Overview of attention for article published in Brazilian Journal of Microbiology, January 2013
Identification of pathogens and virulence profile of Rhodococcus equi and Escherichia coli strains obtained from sand of parks
Published in
Brazilian Journal of Microbiology, January 2013
DOI 10.1590/s1517-83822013005000044
Pubmed ID
Authors

M.C. Fernandes, S. Takai, D.S. Leite, J.P.A.N. Pinto, P.E. Brandão, V.A. Santarém, F.J.P. Listoni, A.V. Da Silva, M.G. Ribeiro

Abstract

The identification of pathogens of viral (Rotavirus, Coronavirus), parasitic (Toxocara spp.) and bacterial (Escherichia coli, Salmonella spp., Rhodococcus equi) origin shed in feces, and the virulence profile of R. equi and E. coli isolates were investigated in 200 samples of sand obtained from 40 parks, located in central region of state of Sao Paulo, Brazil, using different diagnostic methods. From 200 samples analyzed, 23 (11.5%) strains of R. equi were isolated. None of the R. equi isolates showed a virulent (vapA gene) or intermediately virulent (vapB gene) profiles. Sixty-three (31.5%) strains of E. coli were identified. The following genes encoding virulence factors were identified in E. coli: eae, bfp, saa, iucD, papGI, sfa and hly. Phylogenetic classification showed that 63 E. coli isolates belonged to groups B1 (52.4%), A (25.4%) and B2 (22.2%). No E. coli serotype O157:H7 was identified. Eggs of Toxocara sp. were found in three parks and genetic material of bovine Coronavirus was identified in one sample of one park. No Salmonella spp. and Rotavirus isolates were identified in the samples of sand. The presence of R. equi, Toxocara sp, bovine Coronavirus and virulent E. coli isolates in the environment of parks indicates that the sanitary conditions of the sand should be improved in order to reduce the risks of fecal transmission of pathogens of zoonotic potential to humans in these places.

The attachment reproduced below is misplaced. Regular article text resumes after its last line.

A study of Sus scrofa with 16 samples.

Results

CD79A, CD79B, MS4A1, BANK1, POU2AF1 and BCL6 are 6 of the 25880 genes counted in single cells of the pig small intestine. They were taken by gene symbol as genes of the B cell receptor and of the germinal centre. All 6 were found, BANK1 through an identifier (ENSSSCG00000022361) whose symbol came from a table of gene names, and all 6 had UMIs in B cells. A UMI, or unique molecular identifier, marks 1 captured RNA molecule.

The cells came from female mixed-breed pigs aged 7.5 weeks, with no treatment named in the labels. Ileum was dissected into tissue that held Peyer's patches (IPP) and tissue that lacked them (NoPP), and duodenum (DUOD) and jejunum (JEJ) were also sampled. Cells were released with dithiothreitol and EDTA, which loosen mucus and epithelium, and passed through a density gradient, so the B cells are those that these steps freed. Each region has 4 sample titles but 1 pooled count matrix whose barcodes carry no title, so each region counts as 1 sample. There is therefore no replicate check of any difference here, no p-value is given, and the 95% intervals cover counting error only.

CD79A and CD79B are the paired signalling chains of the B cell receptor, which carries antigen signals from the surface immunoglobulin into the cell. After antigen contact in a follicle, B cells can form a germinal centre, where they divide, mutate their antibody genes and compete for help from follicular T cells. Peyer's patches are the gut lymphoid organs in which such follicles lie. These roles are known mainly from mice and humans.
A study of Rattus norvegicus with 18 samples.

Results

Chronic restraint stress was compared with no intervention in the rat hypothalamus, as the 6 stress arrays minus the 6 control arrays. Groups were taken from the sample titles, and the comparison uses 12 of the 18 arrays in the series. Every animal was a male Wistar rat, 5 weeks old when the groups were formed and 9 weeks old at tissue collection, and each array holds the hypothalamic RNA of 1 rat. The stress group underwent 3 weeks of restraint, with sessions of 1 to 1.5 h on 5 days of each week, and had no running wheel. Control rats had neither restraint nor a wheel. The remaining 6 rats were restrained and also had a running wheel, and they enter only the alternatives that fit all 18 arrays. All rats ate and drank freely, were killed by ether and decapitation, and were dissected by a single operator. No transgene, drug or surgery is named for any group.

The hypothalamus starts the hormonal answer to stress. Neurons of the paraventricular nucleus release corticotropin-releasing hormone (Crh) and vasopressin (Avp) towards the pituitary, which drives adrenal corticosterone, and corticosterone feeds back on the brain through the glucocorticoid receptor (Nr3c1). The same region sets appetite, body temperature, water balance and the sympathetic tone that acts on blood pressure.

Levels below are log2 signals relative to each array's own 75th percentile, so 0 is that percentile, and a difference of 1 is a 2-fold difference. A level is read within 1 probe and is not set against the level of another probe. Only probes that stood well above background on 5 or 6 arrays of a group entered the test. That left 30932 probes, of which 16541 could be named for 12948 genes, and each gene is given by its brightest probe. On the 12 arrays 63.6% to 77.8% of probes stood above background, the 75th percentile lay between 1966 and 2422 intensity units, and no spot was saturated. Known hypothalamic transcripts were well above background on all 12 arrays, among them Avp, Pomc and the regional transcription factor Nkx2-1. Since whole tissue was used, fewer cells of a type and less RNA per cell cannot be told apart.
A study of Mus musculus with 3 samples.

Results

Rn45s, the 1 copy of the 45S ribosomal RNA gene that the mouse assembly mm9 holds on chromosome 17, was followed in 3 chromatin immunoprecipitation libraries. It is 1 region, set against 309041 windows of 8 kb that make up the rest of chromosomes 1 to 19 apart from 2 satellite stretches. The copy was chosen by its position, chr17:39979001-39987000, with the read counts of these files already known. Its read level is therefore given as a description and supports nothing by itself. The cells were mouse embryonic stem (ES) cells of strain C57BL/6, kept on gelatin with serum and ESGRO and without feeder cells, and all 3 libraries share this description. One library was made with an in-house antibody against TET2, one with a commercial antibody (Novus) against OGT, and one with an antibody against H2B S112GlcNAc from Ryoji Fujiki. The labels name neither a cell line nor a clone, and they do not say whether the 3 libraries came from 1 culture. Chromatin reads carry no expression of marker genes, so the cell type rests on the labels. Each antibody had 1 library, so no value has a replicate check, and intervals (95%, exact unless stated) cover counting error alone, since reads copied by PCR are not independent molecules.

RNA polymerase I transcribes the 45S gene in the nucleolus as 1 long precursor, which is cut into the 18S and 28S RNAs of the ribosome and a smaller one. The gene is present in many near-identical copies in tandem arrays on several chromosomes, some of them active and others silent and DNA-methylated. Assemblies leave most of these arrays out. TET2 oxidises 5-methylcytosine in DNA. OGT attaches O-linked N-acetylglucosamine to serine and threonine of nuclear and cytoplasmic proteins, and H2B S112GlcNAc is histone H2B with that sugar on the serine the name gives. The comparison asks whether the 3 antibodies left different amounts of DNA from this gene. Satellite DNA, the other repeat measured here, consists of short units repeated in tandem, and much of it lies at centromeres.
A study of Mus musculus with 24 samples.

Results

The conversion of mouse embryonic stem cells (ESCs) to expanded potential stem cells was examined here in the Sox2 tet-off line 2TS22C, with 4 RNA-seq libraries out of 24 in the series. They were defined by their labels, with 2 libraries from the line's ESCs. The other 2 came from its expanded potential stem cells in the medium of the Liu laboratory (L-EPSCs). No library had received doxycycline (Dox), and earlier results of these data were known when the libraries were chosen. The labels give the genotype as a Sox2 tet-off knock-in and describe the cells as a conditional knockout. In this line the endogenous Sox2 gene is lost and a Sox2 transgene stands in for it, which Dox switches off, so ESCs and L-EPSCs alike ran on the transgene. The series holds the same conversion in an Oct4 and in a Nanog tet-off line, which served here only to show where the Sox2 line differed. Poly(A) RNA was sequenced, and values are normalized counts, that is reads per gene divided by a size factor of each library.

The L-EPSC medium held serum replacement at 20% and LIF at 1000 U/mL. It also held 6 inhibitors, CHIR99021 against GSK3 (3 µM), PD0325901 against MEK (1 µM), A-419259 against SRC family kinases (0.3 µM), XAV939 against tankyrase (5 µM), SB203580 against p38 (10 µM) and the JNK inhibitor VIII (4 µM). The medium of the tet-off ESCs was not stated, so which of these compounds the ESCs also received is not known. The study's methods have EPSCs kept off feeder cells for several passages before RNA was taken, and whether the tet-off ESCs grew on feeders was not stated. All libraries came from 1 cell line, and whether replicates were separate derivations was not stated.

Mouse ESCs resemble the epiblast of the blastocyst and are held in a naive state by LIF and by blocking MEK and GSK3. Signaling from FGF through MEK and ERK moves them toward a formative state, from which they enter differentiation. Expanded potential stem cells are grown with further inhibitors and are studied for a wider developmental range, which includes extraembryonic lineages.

Mendeley readers

The data shown below were compiled from readership statistics for 35 Mendeley readers of this research output. Click here to see the associated Mendeley record.

Geographical breakdown

Country Count As %
Unknown 35 100%

Demographic breakdown

Readers by professional status Count As %
Researcher 9 26%
Student > Master 6 17%
Librarian 3 9%
Other 3 9%
Student > Ph. D. Student 2 6%
Other 8 23%
Unknown 4 11%
Readers by discipline Count As %
Veterinary Science and Veterinary Medicine 8 23%
Agricultural and Biological Sciences 6 17%
Biochemistry, Genetics and Molecular Biology 5 14%
Medicine and Dentistry 5 14%
Immunology and Microbiology 2 6%
Other 4 11%
Unknown 5 14%
Attention Score in Context

Attention Score in Context

This research output has an Altmetric Attention Score of 1. This is our high-level measure of the quality and quantity of online attention that it has received. This Attention Score, as well as the ranking and number of research outputs shown below, was calculated when the research output was last mentioned on 31 January 2015.
All research outputs
#17,286,379
of 25,374,917 outputs
Outputs from Brazilian Journal of Microbiology
#593
of 1,377 outputs
Outputs of similar age
#193,615
of 289,004 outputs
Outputs of similar age from Brazilian Journal of Microbiology
#24
of 45 outputs
Altmetric has tracked 25,374,917 research outputs across all sources so far. This one is in the 21st percentile – i.e., 21% of other outputs scored the same or lower than it.
So far Altmetric has tracked 1,377 research outputs from this source. They receive a mean Attention Score of 3.6. This one is in the 40th percentile – i.e., 40% of its peers scored the same or lower than it.
Older research outputs will score higher simply because they've had more time to accumulate mentions. To account for age we can compare this Altmetric Attention Score to the 289,004 tracked outputs that were published within six weeks on either side of this one in any source. This one is in the 23rd percentile – i.e., 23% of its contemporaries scored the same or lower than it.
We're also able to compare this research output to 45 others from the same source and published within six weeks on either side of this one. This one is in the 35th percentile – i.e., 35% of its contemporaries scored the same or lower than it.